Concussion: Promoting Facts over Media-Sensationalized Fiction


What is a Concussion?

A concussion is a mild blow to the head that causes a neurochemical response in the brain. It is described as neurochemical because there is no change to the physical structure of the brain itself. Common causes of concussion include falls, sports injuries (such as collisions on a football field or head-to-head contact during a soccer game), or the accidental striking of the head on an object.

Typically, the initial symptoms of a concussion can include dizziness, lightheadedness, sensitivity to light or sound, nausea, feelings of fogginess, clumsiness, or other similar experiences. It is possible that the individual might lose consciousness for a brief period of time or may have difficulty recalling details about events that occurred just prior to the concussion. Neck sprains or tightened neck muscles are common and can cause stiffness and headache pain as well. All of these symptoms are completely normal, and these symptoms typically subside within a couple of weeks.

If the individual is taken to an emergency department for evaluation immediately following concussion, it is unusual for a hospital to complete a brain scan (e.g., a head CT or MRI). Typically, a scan is not ordered unless the person is coming in and out of consciousness, difficult to arouse, repeatedly vomiting, or having seizures. These symptoms are indications that a more significant brain injury may have occurred. If a scan is ordered (out of an abundance of caution), brain neuroimaging is typically normal following concussion- hence why it is rarely ordered. 

What is important for parents/family members to realize, as well as the individual who suffered the concussion, is that the concussion sufferer will likely feel not so great for a couple of weeks. They may have difficulties sustaining focus and attention, may sleep more or less than usual, and may have ongoing headaches, light sensitivity, or general feelings of fogginess. Again, this is completely normal and will subside. It is important to know that symptoms of a concussion, while inconvenient, will go away. Individuals will recover fully from a concussion and resume a perfectly normal life.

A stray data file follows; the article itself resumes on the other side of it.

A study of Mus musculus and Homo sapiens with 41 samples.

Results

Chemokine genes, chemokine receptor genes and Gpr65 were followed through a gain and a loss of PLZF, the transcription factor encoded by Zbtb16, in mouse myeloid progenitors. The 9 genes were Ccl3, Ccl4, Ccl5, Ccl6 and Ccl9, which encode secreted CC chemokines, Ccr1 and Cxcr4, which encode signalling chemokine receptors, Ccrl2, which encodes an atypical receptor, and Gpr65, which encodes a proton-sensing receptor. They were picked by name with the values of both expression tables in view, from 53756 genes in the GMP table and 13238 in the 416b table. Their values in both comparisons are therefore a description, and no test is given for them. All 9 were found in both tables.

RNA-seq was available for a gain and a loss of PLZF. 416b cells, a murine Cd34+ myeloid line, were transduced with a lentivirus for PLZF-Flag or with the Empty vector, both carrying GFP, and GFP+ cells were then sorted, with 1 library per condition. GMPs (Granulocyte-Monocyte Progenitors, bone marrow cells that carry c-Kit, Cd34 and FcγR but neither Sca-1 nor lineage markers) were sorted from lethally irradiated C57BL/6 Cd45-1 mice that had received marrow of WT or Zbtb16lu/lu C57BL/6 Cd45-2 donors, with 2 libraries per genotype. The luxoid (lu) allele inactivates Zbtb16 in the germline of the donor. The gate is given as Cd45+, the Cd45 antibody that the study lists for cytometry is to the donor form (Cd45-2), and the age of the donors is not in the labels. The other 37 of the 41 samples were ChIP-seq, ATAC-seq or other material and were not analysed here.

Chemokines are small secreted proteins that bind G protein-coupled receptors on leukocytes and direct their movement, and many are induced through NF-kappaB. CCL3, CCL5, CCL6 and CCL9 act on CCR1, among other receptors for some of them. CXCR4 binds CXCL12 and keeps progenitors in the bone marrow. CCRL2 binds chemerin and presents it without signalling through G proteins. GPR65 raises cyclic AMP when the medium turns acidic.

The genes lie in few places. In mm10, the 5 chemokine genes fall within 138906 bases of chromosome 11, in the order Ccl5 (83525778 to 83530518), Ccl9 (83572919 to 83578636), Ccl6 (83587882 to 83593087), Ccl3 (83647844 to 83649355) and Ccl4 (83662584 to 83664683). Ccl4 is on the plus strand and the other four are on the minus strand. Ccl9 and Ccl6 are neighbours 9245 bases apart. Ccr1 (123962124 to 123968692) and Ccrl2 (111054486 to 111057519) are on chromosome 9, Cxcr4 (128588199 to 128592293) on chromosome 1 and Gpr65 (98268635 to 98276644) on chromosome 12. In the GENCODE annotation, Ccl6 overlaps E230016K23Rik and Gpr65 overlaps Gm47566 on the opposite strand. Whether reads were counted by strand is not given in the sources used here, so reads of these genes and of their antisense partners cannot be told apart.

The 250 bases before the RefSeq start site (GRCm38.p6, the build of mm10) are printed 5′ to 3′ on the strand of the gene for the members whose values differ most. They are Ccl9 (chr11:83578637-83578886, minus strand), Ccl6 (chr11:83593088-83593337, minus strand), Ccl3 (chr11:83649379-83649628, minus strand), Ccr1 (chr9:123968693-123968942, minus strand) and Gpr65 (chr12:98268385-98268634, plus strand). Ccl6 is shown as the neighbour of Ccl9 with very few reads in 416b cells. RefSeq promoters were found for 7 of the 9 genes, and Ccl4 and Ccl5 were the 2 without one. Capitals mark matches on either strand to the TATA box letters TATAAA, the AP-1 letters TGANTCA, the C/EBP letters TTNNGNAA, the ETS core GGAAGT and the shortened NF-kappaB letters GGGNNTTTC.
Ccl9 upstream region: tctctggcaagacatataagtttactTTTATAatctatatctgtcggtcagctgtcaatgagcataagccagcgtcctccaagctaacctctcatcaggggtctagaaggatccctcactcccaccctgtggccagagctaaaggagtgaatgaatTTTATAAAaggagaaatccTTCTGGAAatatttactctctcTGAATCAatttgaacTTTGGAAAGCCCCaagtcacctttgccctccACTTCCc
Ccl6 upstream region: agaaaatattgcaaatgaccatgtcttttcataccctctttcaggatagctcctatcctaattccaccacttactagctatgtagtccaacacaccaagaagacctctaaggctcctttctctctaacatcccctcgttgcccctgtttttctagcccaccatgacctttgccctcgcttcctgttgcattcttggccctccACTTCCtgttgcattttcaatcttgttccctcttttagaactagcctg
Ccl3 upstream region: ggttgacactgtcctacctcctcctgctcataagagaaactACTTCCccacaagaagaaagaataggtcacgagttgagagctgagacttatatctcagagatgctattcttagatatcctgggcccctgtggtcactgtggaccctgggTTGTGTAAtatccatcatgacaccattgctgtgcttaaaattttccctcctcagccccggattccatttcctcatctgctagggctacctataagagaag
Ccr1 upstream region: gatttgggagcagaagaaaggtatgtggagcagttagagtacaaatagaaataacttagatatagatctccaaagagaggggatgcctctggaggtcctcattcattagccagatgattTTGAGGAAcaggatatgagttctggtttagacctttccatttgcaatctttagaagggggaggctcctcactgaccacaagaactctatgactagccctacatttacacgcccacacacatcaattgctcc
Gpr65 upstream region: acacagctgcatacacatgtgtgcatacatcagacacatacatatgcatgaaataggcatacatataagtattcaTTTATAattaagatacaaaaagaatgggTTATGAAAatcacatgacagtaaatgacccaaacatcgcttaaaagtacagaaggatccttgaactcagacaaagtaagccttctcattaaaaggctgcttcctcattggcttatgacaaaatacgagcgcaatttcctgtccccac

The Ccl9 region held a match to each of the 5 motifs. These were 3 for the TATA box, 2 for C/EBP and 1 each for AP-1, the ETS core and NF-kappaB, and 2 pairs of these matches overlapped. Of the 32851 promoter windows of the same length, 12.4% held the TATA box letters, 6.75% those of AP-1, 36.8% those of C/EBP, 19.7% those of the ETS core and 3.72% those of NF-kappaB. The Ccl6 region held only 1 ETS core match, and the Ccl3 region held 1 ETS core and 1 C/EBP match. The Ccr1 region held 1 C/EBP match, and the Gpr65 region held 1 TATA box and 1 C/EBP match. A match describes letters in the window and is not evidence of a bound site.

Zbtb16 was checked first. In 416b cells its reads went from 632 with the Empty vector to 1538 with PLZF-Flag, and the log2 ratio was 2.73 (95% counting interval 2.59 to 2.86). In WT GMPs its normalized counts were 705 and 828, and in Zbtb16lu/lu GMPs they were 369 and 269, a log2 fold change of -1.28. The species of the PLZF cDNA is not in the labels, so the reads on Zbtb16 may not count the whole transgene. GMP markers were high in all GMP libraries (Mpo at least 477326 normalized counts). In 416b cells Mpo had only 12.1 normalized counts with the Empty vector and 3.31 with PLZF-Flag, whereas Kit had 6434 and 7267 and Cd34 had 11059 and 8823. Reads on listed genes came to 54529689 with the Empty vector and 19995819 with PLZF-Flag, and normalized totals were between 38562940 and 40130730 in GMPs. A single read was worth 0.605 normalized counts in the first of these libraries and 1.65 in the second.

Why can recovery take longer for some people?

So why is it that some individuals seem to have a concussion that goes on much longer than a few weeks? Research has demonstrated that there are five major factors that can cause an individual to experience symptoms of a concussion for longer than expected. Nonetheless, these individuals also recover fully, it just takes them a bit longer.

These exacerbating factors include:

– a history of a learning disability

– attention deficit hyperactivity disorder (ADHD)

– a previously diagnosed concussion

– a history of migraine headaches

– a history of mood disorder (e.g., depression, anxiety)

As you can see, there are many reasons why an individual may experience additional concussion symptoms for longer than a few weeks. In these cases, symptoms may last closer to a month or two, but then will subside. 

Myth Busting!

Getting into some of the myths that are floating around popular media, while a concussion is termed a mild traumatic brain injury (mTBI), it does not mean the individual is brain damaged. It also does not mean that the individual will not recover. As discussed above, individuals recover fully from a concussion and neuroimaging (in the rarest of cases when it is ordered) is normal. 

A second myth is that the individual requires a dark room with little to no stimulation for weeks on end to promote recovery. In next weeks blog, Dr. Ghilain will discuss ways to support rapid recovery following concussion. Though Dr. Ghilain creates “return to sport” and “return to learn” protocols specifically tailored to the individual patients with a concussion they see, there are general things family members can do to promote recovery. While supports may be encouraged, it is important to note that these are temporary and not permanent modifications to a person’s life. 

Finally, during the recovery period, individuals may experience an increase in concussion symptoms while exerting themselves (e.g., when gradually returning to activities or sports or when initially returning to work or school). Though uncomfortable at times, these symptoms do not mean that the individual is further “damaging” their brain. Just like any other muscle in the body, the brain requires gradual ramping up of activities that may temporarily cause soreness (e.g., headache) or fatigue. This is not a sign that the person is re-injuring or damaging their brain in some way, it means they are on the road to recovery!